ALBUQUERQUE — The land was flat, the sky luminous--and for prairie-born Georgia O'Keeffe, West Texas was inspiration for revolutionary watercolors.
But how many of the paintings were really hers?
Twenty-eight watercolors that surfaced in 1988--two years after O'Keeffe's death--initially were welcomed as originals. But last fall, their authenticity was challenged because the paper used for some of them could not have been obtained in the United States from 1916 to 1918, when O'Keeffe taught art at West Texas State Normal College in Canyon.
The National Gallery of Art excluded the "Canyon Suite" from O'Keeffe's catalogue raisonne, dealer Gerald Peters refunded the $5 million that a Kansas City, Mo., museum paid for them and Peters says those 28 works will never be resold.
Asked their value, he said: "It is zero. They're not going back on the marketplace. It's just not the right thing to do."
Peters said he had 10 to 20 art experts analyze the watercolors before they were credited to O'Keeffe and sold to the Kemper Museum of Contemporary Art in Kansas City. He said he believes the authenticators acted in good faith and just didn't catch the paper anomaly.
He still believes most of the 28 watercolors are O'Keeffe's. He is less certain about how the paintings came to light.
"It appears as though someone added something to the pot," Peters said.
The story of their discovery is well known in West Texas: A former art department chairman, Emilio Caballero, an acclaimed watercolorist, presented a packet of watercolors to his son and daughter-in-law, who thought they might be O'Keeffes and sought to authenticate them. Caballero has been quoted as saying he never opened the package he received from longtime O'Keeffe friend Ted Reid. Caballero's daughter-in-law is Terry Reid Caballero, Reid's granddaughter.
Emilio Caballero did not return messages seeking comment.
David Rindlisbacher, an art professor at West Texas, said Caballero never claimed the paintings were O'Keeffe's. But he finds it odd that Caballero would not have looked inside the packet he received from Reid.
"No one at West Texas knew anything about these paintings," said Rindlisbacher, 50, also a longtime friend of Reid, who died in the 1980s.
Another Reid friend, Steve Mayes, said Reid insisted that despite his friendship with O'Keeffe he had none of her work.
"I never heard he had anything like that," Mayes said of the 28 watercolors. "I find it odd that Ted would tell one story, then act in a different way."
Mayes, who now teaches at Arkansas State University, was art chairman at West Texas from 1977 to 1988.
There are many undisputed O'Keeffe watercolors from Canyon. O'Keeffe herself talked about them in her 1976 book, "Georgia O'Keeffe," and in a PBS interview with New York-based art historian Barbara Rose.
"I had nothing but to walk into nowhere and the wide sunset space with the star," she wrote of one series of watercolors called "Evening Star" that she painted at Canyon in 1917.
Born Nov. 15, 1887, in Sun Prairie, Wis., O'Keeffe in 1916 became chairwoman of the art department at West Texas Normal, now Texas A&M's West Texas campus.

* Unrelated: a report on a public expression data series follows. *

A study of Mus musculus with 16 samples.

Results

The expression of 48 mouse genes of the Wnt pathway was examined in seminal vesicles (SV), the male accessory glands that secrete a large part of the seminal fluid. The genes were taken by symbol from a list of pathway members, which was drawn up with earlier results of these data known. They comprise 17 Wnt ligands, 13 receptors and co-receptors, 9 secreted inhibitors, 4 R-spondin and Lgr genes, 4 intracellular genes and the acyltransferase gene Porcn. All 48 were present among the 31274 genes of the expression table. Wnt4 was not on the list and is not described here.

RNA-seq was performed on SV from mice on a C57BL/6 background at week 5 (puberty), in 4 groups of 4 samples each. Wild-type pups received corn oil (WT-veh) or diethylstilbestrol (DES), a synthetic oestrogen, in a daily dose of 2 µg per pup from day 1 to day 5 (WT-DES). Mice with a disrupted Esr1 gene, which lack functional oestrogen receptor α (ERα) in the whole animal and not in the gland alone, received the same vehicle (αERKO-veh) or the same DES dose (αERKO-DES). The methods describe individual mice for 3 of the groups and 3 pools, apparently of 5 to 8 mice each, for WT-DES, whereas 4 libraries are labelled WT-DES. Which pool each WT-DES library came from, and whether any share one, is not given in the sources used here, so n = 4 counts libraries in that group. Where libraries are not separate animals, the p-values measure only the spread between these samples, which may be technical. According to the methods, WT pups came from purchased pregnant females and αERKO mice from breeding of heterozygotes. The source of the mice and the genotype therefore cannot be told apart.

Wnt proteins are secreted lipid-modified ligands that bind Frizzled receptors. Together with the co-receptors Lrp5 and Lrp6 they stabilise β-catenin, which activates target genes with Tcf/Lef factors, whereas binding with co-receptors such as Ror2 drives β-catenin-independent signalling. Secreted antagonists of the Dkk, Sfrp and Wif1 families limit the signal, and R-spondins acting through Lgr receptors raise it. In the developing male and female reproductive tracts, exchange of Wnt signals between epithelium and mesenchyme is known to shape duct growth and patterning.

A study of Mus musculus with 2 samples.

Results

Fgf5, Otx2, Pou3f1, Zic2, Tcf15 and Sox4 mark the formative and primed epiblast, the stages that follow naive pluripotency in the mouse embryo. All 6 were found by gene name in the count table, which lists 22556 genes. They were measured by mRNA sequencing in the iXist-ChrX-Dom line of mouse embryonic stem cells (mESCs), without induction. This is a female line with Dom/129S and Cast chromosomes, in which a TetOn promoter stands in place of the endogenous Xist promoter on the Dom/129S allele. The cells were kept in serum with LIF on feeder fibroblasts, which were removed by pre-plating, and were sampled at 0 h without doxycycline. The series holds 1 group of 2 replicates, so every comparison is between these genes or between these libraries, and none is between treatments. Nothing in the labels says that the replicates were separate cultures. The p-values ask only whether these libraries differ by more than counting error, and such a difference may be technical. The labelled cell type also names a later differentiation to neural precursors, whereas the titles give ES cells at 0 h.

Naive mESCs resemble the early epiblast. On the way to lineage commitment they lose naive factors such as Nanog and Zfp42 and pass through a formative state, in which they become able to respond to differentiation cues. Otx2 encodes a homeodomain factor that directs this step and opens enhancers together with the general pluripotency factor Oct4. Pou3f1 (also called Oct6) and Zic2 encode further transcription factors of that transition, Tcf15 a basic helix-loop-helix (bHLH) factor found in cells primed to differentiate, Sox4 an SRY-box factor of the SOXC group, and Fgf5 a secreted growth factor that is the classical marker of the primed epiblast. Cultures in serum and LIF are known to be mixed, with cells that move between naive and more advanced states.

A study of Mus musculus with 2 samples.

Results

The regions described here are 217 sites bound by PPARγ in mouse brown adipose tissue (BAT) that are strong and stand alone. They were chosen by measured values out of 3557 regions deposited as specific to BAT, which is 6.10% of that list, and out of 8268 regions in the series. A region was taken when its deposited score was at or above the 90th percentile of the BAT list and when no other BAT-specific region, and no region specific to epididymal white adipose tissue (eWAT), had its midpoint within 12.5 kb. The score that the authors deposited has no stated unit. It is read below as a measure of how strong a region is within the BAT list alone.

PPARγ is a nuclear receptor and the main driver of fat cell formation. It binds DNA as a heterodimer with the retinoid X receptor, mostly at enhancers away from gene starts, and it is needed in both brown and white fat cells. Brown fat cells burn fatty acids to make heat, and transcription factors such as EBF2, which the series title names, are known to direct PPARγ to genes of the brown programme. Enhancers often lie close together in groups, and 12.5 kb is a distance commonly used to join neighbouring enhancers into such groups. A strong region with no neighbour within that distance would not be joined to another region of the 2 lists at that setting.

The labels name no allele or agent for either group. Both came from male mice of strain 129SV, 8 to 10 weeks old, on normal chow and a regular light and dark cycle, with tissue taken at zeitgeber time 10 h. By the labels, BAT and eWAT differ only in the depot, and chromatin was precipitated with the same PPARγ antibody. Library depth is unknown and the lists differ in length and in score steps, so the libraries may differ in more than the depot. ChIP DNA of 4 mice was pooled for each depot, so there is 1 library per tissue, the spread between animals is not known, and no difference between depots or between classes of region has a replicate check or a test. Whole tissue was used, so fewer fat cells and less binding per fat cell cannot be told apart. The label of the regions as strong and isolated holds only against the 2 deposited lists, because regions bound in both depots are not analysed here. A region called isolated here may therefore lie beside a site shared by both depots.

In 1988, the brilliance of the newfound watercolors convinced the art world that lost O'Keeffes had materialized, said Peters, "because they're fantastic, they're absolutely compelling."
But in 1993, the National Gallery and the Georgia O'Keeffe Foundation began collaborating on the O'Keeffe catalog and doubt began to stir. Barbara Buhler Lynes, now curator of the Georgia O'Keeffe Museum in Santa Fe, N.M., was chosen to compile the catalog, investigating more than 2,000 works. The two-volume listing excludes 250 works including the "Canyon Suite," National Gallery spokeswoman Deborah Ziska said.
If O'Keeffe didn't paint them, who did?
That may never be known.
A Santa Fe man, Jacobo "Jackie" Suazo, has asserted copyright claims for at least three watercolors, which he said he did as a boy painting with O'Keeffe. He said he met her when he was 9 1/2 and lived with her.
Suazo, 65, estimated he painted about 100 works, either alone or in collaboration with O'Keeffe. He said he tried to get his paintings from O'Keeffe near the end of her life.
"I tried going over there, but they would never let me in," he said. "I didn't know whether my paintings were even still there or they had thrown them away."
When she died, he received $30,000 from the estate but no paintings.
Last fall, Suazo saw a photograph of a "Canyon Suite" painting in a newspaper and headed for Kansas City, where he told Kemper museum officials some of the watercolors were his.
But Suazo told Associated Press he never met Ted Reid and cannot explain how pictures he painted in the 1940s in Abiquiu, N.M., could get mixed in with paintings that supposedly originated 30 years earlier--before he was born--in Texas.
Earlier this month, the FBI decided against investigating the "Canyon Suite" controversy.
"We are not going to open up a full investigation due to a lack of jurisdiction," supervisory special agent Doug Beldon said. "It looks like the issues will best be dealt with in a civil setting."